I am not a genealogist. I am a storyteller.
The difference? Well, Ill tell you a story.
In the spring of 2006, I was racing against a loudly-ticking generational clock, trying to find as many living relatives as I possibly could before their advancing age caught up with them. I was hoping that they could shed light on a long-ago family secret, one that my mother had created in the early 1940s and kept throughout her life. She had hidden the existence of a disabled sister who had been institutionalized for 30 years. Mom had died in 1999, her secret more or less intact. I was researching a book on her motivations for keeping the secret, and the consequences to her and those around her.
My working hypothesis: I had relatives I had never met, and I wondered whether their descendants might have some knowledge of my unknown secret aunt. Perhaps a bit of family folklore had traveled down their branch that had never made it down mine.
I had the beginnings of a family tree on my dad’s side, courtesy of a cousin who had emailed me a version, but none on my mom’s side. So I started to construct one, but got no farther than I had in junior high school, when an enterprising teacher had assigned us to create family trees for a class project. When I had asked Mom back then for the names of my grandmother’s parents and siblings, she had just shrugged. That was the old country, she told me, as if that explained everything instead of nothing. Mom, born in the United States, professed no knowledge of my grandparents’ early life in Russia or Ukraine or Poland (it was a mystery to me then), or whatever part of Eastern Europe we once called home.
According to a medical record that I had obtained, my grandmother was one of 10 children. I knew none of them. I knew none of their descendants. I just needed one name, and then I could pursue the genealogical trail, perhaps to someone alive, but if not, perhaps to a document, or a photo or some other clue that might lead me deeper into the story of Mom’s secret.
Through painstaking work with passenger manifests, I had managed to learn the likely spellings of my grandparents’ last names when they left Russia before the first world war. They were born in a small town near the old Austro-Hungarian border, a town that had changed hands several times in the course of the 20th century. Did the town’s birth and marriage records still exist? If they did, would they yield the information I needed to trace the living descendants of my grandmother’s nine brothers and sisters?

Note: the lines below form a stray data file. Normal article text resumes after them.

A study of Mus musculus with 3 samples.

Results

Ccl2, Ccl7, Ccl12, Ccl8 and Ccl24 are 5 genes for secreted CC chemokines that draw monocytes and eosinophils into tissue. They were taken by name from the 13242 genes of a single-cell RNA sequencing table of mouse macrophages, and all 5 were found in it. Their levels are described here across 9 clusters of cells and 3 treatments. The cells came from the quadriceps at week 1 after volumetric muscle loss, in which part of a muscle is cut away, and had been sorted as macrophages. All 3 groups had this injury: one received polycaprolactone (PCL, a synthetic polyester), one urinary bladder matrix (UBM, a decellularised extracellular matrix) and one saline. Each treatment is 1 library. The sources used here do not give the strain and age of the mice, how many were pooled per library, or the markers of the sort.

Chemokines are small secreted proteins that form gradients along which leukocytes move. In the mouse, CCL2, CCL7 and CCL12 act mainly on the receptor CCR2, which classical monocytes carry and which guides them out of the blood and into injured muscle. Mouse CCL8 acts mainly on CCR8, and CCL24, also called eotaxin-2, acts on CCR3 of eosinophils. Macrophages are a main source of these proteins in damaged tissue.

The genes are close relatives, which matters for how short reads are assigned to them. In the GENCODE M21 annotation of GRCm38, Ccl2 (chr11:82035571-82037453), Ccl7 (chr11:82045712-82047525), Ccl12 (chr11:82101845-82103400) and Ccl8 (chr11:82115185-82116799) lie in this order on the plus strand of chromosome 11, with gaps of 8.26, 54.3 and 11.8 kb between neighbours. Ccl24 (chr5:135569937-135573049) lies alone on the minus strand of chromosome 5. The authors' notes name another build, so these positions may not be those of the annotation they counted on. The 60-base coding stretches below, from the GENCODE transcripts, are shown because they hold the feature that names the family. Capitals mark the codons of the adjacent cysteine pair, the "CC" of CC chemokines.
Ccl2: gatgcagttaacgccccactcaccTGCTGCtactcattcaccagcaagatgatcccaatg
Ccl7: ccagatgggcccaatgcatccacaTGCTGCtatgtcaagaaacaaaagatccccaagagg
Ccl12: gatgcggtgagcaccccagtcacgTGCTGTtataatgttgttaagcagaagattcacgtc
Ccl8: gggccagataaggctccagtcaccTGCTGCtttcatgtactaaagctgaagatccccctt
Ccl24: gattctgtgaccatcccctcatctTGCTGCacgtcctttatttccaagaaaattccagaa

I consulted a genealogist with experience in obtaining records from the archives of Eastern European countries. He gave me a crash course in what I needed to do. The more he explained, the more daunting it sounded — and the more expensive. He suggested that I purchase every record with any connection to the family names I already knew.
Worried that I would be overwhelmed with information, I asked whether it would be better to start with the smattering of the records that seemed most relevant. “I’m not a genealogist,” I told him. “I’m not trying to build a family tree. I’m writing a book, and I’m trying to find out the things that will help me tell the story.”
His genealogical ears couldn’t believe what I had just said. “How could you not want to know it all?” he said, his voice reflecting his amazement. “How could you pass up the opportunity?”
I felt sheepish. “I’m interested, of course,” I finally said. “But right now, the story is what I’m after.”
Genealogists and writers are like distant cousins: They resemble each other, but it’s easy to tell them apart. I’m in awe of the discipline that genealogists bring to their craft. I admire their dedication to a well-understood (if unwritten) set of rules for pursuing, finding, sifting, confirming and verifying information, before they connect the dotted lines between a ggf (great-grandfather, in genealogist parlance) and a second cousin once removed. As a writer, however, I’m wary of becoming a member of their club.
No need to be daunted, however. Genealogists are a welcoming bunch. They not only love company, they invite anyone to join their growing numbers, and millions have taken trips down the genealogical trail. The sudden accessibility of information online, such as census and immigration records, has made it possible for anyone to make a stab at researching their family origins, often without leaving the comfort of their living room. Amateurs like me vastly outnumber the professionals. Ancestry.com, which calls itself “the No. 1 source for online family history information,” claims nearly 1 million paying subscribers and says that online visitors have created more than six million family trees since that feature was introduced three years ago.
You won’t find mine there. My tree, with more broken branches than sturdy ones, exists only on paper, two pages taped together to accommodate the bits and pieces I had collected. I constructed it as an aid for interviewing a long-lost cousin, and then kept it on my desk as I wrote my book.
It was a huge help, a reference that I used so often that it became a bit tattered. Some day, I’ll go back to it. I’ll try to flesh out a few of the bare branches. I might even take a risk, and order some of those records from Eastern Europe. I’m curious, after all.
But not just yet. I have to finish this new story I’m working on.
©2009 Steve Luxenberg, author of Annie’s Ghosts: A Journey Into a Family Secret
Steve Luxenberg has been a senior editor with the Washington Post for twenty-two years, overseeing reporting that has won numerous awards, including two Pulitzer Prizes for explanatory journalism. He lives in Baltimore, Maryland.